Thursday, March 1, 2018

Becoming living altars

I have been thinking this week about how we serve God and what it means to be missional. The Gospel this week (John 2.13-22) is an interesting lesson in that will consider it again at least in a cursory way, during Holy Week. This will be in the lead up to Good Friday and what happens on that low hill outside the city and on the cross. It also goes to the question, “Will you surrender to God?” It is what Jesus did, starting in the Garden when he asked for the cup of suffering to be taken from him and then says, “Not my will, but yours.” He surrendered himself to the will of the Father that he would become the way home for those who would participate in him and his life after the cross.

In this lesson, I noticed something that is important. Altars. How we approach them and how we deal with them is not something that we Anglicans spend a lot of tine talking about. It is more something which we honour and something we keep as sacred and tend to leave it there, unspoken. But maybe it is something that we need to become as people. Confused? Then let me explain.

The Temple was the place of the altar and where people could approach the presence of the God of Israel here on earth. It was the place where sacrifices and offerings where made. Synagogues, where most Jews worshipped was a place for prayer and for teaching, not for sacrifice. Jesus had made the journey more than once. He went into the Temple – a place he had been before, at least twice that we know of in the Gospels. Both times were with his parents. First with his parents to obey the Law and offer sacrifice to reclaim him from the Lord because he was a first-born son. This is when the little family encountered the quiet in the Land (Simeon the priest and Anna the prophet) and many important things were said and done. The second time in the Temple was just before the year in which Jesus would have celebrated his bar mitzvah and became a man within the spiritual community. He was left behind when they family headed home, and his frantic parents went back and found him “in his Father’s house” talking with learned men.

So, for Jesus to suggest its destruction was a bit of a wild thing. Why would you destroy a big, beautiful building that is meant to house the presence of the living God? Where would people go to meet with God? How would they get forgiveness for their sins? What would become of the priests and their religion if there was no temple? Reality? God is moving his location from a place into the lives of his people to be with them – with you and with me. All day, every day.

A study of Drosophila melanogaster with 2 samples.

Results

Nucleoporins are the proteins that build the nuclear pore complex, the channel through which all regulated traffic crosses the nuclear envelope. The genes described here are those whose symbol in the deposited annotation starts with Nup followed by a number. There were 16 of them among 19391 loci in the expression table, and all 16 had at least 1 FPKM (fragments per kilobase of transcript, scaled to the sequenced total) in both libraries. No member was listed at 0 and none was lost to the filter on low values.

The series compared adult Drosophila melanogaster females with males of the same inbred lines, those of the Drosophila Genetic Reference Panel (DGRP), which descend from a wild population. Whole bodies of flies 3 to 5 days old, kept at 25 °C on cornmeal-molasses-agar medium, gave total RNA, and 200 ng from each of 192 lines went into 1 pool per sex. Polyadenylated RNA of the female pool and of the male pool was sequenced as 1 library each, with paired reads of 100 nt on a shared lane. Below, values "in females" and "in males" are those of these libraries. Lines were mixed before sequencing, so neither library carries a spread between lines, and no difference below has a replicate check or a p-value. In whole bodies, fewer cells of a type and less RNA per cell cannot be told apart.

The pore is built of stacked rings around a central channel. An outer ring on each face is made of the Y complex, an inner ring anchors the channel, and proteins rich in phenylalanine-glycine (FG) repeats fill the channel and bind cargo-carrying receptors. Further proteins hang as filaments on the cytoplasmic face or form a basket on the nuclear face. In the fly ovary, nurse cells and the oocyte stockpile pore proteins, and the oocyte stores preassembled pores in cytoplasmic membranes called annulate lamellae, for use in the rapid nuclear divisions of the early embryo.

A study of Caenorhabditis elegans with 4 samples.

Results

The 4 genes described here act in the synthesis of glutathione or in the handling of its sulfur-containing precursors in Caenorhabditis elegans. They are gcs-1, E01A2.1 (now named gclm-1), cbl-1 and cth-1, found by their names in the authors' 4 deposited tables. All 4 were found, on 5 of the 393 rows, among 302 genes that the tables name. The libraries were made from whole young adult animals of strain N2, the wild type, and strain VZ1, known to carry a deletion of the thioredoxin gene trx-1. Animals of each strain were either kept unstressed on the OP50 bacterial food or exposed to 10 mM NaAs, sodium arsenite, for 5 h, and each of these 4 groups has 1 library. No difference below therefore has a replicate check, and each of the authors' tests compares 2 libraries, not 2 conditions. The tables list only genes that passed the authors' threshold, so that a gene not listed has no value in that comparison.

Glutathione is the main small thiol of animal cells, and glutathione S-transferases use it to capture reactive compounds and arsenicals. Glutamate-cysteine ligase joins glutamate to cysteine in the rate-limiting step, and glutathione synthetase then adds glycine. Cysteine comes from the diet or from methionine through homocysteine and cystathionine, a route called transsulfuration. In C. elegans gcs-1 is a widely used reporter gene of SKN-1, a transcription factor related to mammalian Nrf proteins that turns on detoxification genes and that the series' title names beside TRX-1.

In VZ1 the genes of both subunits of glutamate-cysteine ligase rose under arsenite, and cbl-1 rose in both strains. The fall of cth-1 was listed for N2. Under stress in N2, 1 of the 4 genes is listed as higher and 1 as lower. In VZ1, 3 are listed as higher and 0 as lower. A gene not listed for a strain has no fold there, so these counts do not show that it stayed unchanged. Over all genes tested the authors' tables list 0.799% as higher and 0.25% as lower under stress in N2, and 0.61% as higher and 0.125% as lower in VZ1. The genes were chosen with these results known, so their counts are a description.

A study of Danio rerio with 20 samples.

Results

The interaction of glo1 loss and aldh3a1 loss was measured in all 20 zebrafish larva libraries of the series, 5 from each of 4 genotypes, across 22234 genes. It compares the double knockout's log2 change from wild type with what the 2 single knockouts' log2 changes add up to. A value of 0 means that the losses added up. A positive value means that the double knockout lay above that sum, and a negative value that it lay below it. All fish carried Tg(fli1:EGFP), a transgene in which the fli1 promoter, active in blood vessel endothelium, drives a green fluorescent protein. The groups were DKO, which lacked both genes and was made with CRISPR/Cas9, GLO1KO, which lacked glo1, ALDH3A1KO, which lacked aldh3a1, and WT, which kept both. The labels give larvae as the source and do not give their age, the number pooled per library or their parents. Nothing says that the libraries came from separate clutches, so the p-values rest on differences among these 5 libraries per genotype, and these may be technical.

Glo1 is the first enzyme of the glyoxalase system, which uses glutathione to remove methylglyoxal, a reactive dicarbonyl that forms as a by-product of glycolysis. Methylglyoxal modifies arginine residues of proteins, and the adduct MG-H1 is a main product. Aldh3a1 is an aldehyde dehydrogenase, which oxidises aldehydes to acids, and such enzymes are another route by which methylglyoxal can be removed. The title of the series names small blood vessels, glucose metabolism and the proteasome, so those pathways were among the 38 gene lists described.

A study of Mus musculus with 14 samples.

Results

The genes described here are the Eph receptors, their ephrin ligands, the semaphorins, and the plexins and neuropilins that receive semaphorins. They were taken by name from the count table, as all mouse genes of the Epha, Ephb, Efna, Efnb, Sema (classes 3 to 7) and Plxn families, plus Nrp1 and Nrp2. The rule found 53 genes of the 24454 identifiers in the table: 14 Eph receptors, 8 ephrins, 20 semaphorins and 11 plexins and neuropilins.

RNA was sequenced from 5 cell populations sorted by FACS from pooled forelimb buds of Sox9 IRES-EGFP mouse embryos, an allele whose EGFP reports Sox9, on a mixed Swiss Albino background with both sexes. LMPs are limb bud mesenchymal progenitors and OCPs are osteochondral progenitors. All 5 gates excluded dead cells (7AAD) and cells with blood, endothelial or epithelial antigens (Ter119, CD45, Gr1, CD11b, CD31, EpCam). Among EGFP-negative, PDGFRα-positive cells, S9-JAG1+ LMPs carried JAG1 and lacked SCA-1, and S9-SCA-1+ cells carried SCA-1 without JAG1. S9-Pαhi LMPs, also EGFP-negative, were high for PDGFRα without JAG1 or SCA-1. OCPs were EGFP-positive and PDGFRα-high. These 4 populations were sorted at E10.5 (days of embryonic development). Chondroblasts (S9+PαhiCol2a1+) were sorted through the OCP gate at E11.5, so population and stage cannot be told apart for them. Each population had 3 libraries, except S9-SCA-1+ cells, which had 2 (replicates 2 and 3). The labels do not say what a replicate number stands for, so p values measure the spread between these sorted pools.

This means that as followers of the Lord Jesus, our lives play host to the presence and the life of the living God. Our lives must out of necessity become places and spaces where giving, sacrifice and blessing need to meet – for the sake of others, not just for ourselves. Our lives and our bodies are where the divine and humanity meet. Therefore, the lives we live, including our bodies must be come altars. How do we know this is so? Consider Jesus! He had eyes to see what it was like in the Temple, ears to hear the noises and a nose to smell the different odors. Jesus knelt on a knee to wash his disciples’ feet at the table. He had hands that reached out to pick up and bless children and at the same time to make a whip of cords to drive out flocks and herds while tipping tables and scattering coins.

In learning to surrender, we also discover that our faith and participation in Christ makes us uncomfortable – faith and obedience causes struggles. It makes us sweat. Upon occasion believing and participating will involve pain and tears. And in all of it, where you go, Christ lives. So maybe we need to consider carefully where is God in our lives and in our ministries. Where does Christ need to be let in? What rooms in our lives need light? Where do we need to some spring cleaning?  We need to be people who can be identified as Christian people (and please note I say Christians not Anglicans) because of how we live, what we say and what we do. We must live incarnationally so that people can encounter ‘God with the flesh on’. In this way through what we do and what we say we are also becoming missional. In so doing, we become living altars.